Growing Up In Scotland glimpses into shared parenting

The most recent report from Growing Up In Scotland gives a few glimpses of the involvement of “non-resident parents” with the oldest cohort in the study – 14-year olds.  Most of the results relate to the views of the young people and parents who are their main carers, but the young people in separated families were also asked about their relationships with their other parent.

Just over one quarter (27.3%) of young people had at least one parent who lived elsewhere and they were asked questions about their relationship with this parent.

Half (50.8%) of young people reported they would like to see their non-resident parent as often as they do now, whilst around two in five (38.3%) said they would like to see the parent more often, and the remainder (10.9%) would like to see the parent less often.

Over half (57.5%) said they saw this parent once a week or more, whilst 15.1% said they never saw this parent. Young people were also asked how often they had contact with the parent living elsewhere by telephone, text or email, or via apps like FaceTime or WhatsApp. Young people said they had more frequent contact with their parents in these ways than they saw them in person. Just over two thirds (67.5%) said they had face to face contact at least once a week or more with the parent.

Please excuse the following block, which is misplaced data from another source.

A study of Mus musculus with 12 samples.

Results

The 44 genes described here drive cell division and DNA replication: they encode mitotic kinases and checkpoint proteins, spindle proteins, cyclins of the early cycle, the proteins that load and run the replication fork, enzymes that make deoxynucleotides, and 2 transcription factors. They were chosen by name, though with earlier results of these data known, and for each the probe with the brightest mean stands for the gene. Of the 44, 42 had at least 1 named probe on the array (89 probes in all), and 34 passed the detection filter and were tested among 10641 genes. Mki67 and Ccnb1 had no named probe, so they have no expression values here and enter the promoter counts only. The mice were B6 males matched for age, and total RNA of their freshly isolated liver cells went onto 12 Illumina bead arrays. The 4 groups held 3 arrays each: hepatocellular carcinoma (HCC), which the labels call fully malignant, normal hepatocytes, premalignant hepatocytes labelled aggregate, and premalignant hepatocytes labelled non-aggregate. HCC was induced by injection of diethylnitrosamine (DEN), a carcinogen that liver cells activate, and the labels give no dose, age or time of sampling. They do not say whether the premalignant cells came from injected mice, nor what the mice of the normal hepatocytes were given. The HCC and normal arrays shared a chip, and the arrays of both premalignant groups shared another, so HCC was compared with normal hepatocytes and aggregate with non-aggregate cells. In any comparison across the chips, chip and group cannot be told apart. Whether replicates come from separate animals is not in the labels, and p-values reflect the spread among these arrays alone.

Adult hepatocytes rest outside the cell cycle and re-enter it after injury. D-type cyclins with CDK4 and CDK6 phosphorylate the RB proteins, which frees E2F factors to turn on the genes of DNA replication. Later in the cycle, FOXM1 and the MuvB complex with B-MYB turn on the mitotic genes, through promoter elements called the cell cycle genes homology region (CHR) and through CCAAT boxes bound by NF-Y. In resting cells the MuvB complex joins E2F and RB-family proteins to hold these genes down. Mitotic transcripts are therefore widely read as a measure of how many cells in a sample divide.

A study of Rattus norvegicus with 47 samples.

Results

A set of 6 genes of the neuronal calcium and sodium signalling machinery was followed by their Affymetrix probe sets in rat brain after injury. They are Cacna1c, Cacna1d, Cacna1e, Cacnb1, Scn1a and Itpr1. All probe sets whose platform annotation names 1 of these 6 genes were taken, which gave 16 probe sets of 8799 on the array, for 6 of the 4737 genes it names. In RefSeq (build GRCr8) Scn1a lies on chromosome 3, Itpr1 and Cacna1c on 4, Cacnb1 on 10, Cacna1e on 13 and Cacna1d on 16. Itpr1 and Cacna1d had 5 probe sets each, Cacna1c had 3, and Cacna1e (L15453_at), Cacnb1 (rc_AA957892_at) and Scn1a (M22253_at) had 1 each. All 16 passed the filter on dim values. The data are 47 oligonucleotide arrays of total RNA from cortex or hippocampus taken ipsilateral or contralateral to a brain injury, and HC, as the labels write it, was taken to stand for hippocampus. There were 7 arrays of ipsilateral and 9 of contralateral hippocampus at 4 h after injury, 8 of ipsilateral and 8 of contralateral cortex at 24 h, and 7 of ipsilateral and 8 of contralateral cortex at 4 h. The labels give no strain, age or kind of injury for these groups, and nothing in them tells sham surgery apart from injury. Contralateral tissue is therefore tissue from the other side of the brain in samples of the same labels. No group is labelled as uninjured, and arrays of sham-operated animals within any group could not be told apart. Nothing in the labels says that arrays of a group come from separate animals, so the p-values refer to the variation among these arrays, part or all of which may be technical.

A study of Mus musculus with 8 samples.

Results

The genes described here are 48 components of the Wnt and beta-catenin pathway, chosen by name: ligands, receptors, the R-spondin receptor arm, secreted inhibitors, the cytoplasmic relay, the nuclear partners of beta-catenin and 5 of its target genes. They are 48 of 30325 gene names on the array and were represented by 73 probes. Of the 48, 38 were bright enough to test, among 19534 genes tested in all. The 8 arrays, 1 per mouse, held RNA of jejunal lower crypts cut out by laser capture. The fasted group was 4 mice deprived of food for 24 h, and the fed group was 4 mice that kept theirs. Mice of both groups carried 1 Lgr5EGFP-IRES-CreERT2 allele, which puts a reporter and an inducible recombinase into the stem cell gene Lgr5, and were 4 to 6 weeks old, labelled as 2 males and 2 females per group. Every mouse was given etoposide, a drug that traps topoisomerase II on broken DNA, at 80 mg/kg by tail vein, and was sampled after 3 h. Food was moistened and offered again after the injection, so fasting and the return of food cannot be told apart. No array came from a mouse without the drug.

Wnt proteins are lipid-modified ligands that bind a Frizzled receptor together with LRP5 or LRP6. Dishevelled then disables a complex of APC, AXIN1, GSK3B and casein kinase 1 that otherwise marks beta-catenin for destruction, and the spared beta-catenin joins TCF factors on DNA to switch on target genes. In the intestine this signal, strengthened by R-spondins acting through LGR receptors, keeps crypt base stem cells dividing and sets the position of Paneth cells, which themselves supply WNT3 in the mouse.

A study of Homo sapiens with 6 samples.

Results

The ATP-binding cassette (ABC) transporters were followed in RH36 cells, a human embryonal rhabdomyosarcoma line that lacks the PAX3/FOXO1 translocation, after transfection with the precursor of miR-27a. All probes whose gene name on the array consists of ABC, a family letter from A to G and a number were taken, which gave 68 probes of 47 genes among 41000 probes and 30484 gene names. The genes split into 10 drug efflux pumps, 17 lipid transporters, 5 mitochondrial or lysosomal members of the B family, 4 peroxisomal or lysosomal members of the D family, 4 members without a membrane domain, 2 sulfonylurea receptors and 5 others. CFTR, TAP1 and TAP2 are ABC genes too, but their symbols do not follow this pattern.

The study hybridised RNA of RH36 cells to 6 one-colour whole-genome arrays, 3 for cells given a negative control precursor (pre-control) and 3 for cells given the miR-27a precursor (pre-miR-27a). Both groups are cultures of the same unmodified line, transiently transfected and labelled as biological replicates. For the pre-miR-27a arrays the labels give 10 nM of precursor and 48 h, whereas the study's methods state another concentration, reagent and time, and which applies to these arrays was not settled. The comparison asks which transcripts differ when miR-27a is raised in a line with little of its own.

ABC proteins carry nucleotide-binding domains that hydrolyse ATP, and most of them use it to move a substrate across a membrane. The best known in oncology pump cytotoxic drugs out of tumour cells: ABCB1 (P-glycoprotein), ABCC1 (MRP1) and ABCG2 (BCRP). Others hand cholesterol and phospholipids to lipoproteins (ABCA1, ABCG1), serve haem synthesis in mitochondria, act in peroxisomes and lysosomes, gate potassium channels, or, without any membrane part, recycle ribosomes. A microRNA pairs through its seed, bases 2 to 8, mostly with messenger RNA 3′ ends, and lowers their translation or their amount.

Figure 18 – Frequency of contact between young person and non-resident parent
This chart shows the proportions how often young people had contact with their non-resident parent, either “face to face” or “via telephone, text, or email, or via apps like FaceTime or WhatsApp”. Young people had more contact via telephone, text, email or apps than face to face: 5.0% of young people said they had face to face contact with their non-resident parent every day, whilst 26.15 said they had contact every day via telephone, text, email or apps. Conversely, 28.6% of young people said they had face to face contact with their non-resident parent once or twice a week, whilst one in five (20.5%) said this was the case for contact via telephone, text, email or apps.Base: All young people with at least one parent who lived elsewhere and who were happy to answer questions about him/her/them (559)

Given the lack of published data on shared parenting in Scotland, these results collected from 2493 families provide a glimpse into the views of these young people, but as the study did not try to talk to the parent who lived apart from them it is only a partial picture.